In 2020 a two-year-old boy, Awaab Ishak, died after protracted exposure to mould in a house rented from a housing association. His death, and the subsequent release of the coroner’s report two years later, brought to the attention of both the public and politicians the fact that damp houses with severe mould growth are not just unsightly and uninhabitable, they can also be a cause of ill health.
It has been known for some time that dampness increases the risk of asthma, allergic rhinitis, and other respiratory conditions. The World Health Organisation issued a report on the health consequences of dampness and mould in 2009.
Stachybotrys chartarum was first recognised as a cause of disease by Russian scientists in 1938, when they reported a serious and sometimes fatal condition in horses fed with mouldy hay or straw.
In the 1990s 37 cases of pulmonary haemorrhage in infants were reported in Ohio (US), leading to 12 deaths. There was an association with water-damaged buildings and Stachybotrys chartarum was thought to be the likely cause.
Stachybotrys chartarum can cause ill health not just by triggering allergic reactions, but also via the production of toxic products (mycotoxins) which harm our body tissues.
Although not everybody exposed to damp buildings is adversely affected, the risk to health is real and some individuals (including infants, children, asthmatics and the elderly) are at higher risk.
Tenants are much more likely to be affected by this problem as they do not have the authority to initiate the remedial works that would eliminate dampness. About 3-4% of social homes in England are affected by “notable” mould and damp. There is also a significant problem in the privately rented sector.
Landlords and social housing providers often have been slow to respond to complaints about damp mouldy dwellings, and have sometimes blamed the tenants for causing this problem. Blaming the tenants could be a ploy to avoid the necessary remedial work.
A 2021 report from the Housing Ombudsman Service (HOS), titled It’s Not Lifestyle, has called for an end to this blame culture and has emphasised the need for a more proactive approach by landlords.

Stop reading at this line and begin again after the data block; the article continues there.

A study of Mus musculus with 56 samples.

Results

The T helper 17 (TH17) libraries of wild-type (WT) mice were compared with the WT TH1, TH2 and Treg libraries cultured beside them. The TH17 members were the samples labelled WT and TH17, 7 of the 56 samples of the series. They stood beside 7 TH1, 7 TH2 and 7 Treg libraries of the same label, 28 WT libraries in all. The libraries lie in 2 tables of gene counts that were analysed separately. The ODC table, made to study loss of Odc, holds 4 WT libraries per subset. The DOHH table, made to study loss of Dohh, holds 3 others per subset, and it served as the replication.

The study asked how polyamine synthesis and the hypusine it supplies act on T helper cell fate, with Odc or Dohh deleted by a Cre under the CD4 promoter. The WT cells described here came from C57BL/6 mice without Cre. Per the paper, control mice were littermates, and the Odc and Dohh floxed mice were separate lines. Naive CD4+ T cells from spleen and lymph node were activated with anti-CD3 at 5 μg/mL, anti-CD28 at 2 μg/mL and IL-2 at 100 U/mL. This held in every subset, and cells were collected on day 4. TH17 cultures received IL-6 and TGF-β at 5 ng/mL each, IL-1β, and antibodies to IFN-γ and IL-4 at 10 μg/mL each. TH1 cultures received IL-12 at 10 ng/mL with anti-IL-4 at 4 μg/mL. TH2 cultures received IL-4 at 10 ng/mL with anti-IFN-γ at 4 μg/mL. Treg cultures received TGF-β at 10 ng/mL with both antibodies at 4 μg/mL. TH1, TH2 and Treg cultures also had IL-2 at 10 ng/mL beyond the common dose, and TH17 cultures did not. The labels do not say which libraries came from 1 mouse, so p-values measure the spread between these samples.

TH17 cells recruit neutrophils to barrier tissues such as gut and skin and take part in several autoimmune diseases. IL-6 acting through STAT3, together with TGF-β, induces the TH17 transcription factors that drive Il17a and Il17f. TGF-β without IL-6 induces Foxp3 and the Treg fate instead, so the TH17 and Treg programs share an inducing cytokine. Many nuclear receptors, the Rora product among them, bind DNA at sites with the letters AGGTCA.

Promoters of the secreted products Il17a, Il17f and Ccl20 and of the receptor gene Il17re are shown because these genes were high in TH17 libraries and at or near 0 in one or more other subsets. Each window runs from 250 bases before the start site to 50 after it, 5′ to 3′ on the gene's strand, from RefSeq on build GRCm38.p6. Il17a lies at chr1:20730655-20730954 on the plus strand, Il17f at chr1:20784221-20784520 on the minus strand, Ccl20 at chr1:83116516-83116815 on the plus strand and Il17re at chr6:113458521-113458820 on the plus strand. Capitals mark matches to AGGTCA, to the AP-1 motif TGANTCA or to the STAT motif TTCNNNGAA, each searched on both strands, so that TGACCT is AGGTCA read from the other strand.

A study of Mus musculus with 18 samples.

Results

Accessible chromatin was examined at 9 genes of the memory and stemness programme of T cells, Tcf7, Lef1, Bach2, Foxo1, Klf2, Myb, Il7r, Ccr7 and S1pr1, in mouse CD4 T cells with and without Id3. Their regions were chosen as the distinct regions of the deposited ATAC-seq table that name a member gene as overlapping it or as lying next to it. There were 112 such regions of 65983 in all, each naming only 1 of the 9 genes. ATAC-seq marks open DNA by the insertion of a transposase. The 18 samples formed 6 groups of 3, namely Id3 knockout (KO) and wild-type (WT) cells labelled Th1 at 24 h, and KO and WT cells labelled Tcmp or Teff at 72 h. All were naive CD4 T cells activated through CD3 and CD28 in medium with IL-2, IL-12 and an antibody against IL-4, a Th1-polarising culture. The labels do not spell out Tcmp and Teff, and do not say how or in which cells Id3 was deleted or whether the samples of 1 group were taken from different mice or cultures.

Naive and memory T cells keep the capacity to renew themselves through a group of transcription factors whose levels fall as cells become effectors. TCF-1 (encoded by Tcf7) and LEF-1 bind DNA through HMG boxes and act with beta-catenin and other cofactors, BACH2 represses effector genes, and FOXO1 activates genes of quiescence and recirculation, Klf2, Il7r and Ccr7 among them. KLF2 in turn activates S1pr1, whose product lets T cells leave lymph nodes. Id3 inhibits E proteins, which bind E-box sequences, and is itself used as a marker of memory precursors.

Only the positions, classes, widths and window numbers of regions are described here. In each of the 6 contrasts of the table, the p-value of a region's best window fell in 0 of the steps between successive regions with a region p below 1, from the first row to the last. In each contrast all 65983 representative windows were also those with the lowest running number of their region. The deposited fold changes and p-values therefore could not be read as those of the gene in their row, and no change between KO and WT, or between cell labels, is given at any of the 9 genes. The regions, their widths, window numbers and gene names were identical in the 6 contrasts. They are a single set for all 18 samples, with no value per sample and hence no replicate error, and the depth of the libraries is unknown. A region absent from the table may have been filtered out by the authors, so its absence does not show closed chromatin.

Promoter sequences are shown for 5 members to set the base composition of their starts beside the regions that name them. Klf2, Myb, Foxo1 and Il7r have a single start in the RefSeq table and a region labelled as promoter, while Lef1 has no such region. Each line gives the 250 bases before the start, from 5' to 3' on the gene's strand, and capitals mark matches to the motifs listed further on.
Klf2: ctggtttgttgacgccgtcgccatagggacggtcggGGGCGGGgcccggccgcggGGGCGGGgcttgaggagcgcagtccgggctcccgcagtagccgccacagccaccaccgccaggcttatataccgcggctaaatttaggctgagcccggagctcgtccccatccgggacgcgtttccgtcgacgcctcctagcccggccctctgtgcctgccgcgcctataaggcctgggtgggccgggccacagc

The HOS report includes a number of case studies highlighting how difficult it can be to pinpoint the exact cause of the dampness. Landlords would benefit from detailed policies and from ensuring that their staff and contractors have appropriate expertise.
There are a number of websites describing what could be the causes of dampness and the remedial actions that could be undertaken by both landlords and tenants. The websites of the Energy Saving Trust, webmd (Moisture and Mold problems) and the charity Shelter are good starting points.
When there are no structural defects, condensation is usually the problem. In some way it is true that residents are the cause of condensation as it is human activities (breathing, bathing, cooking, drying clothes) that generate much of the humidity. However, blaming tenants is usually wrong, because buildings with adequate insulation and ventilation should not suffer from condensation.
The coroner’s report related to the death of Awaab Ishak pointed out that the mould growth had been incorrectly attributed to “family lifestyle” whereas updated information on the health risks relating to damp and mould was not available to the housing sector. Awaab Ishak’s home was part of an ageing housing stock: it did not seem to have structural defects, but the windowless bathroom did not have an effective extractor fan, whereas the kitchen had no extractor fan at all.
Health is not just affected by poor housing but also by exposure to pollution, or harmful chemicals, by poor sanitation and by climate change. As much as 24% of all deaths worldwide are attributed to the environment. There are lots of opportunities for prevention, provided there is political will.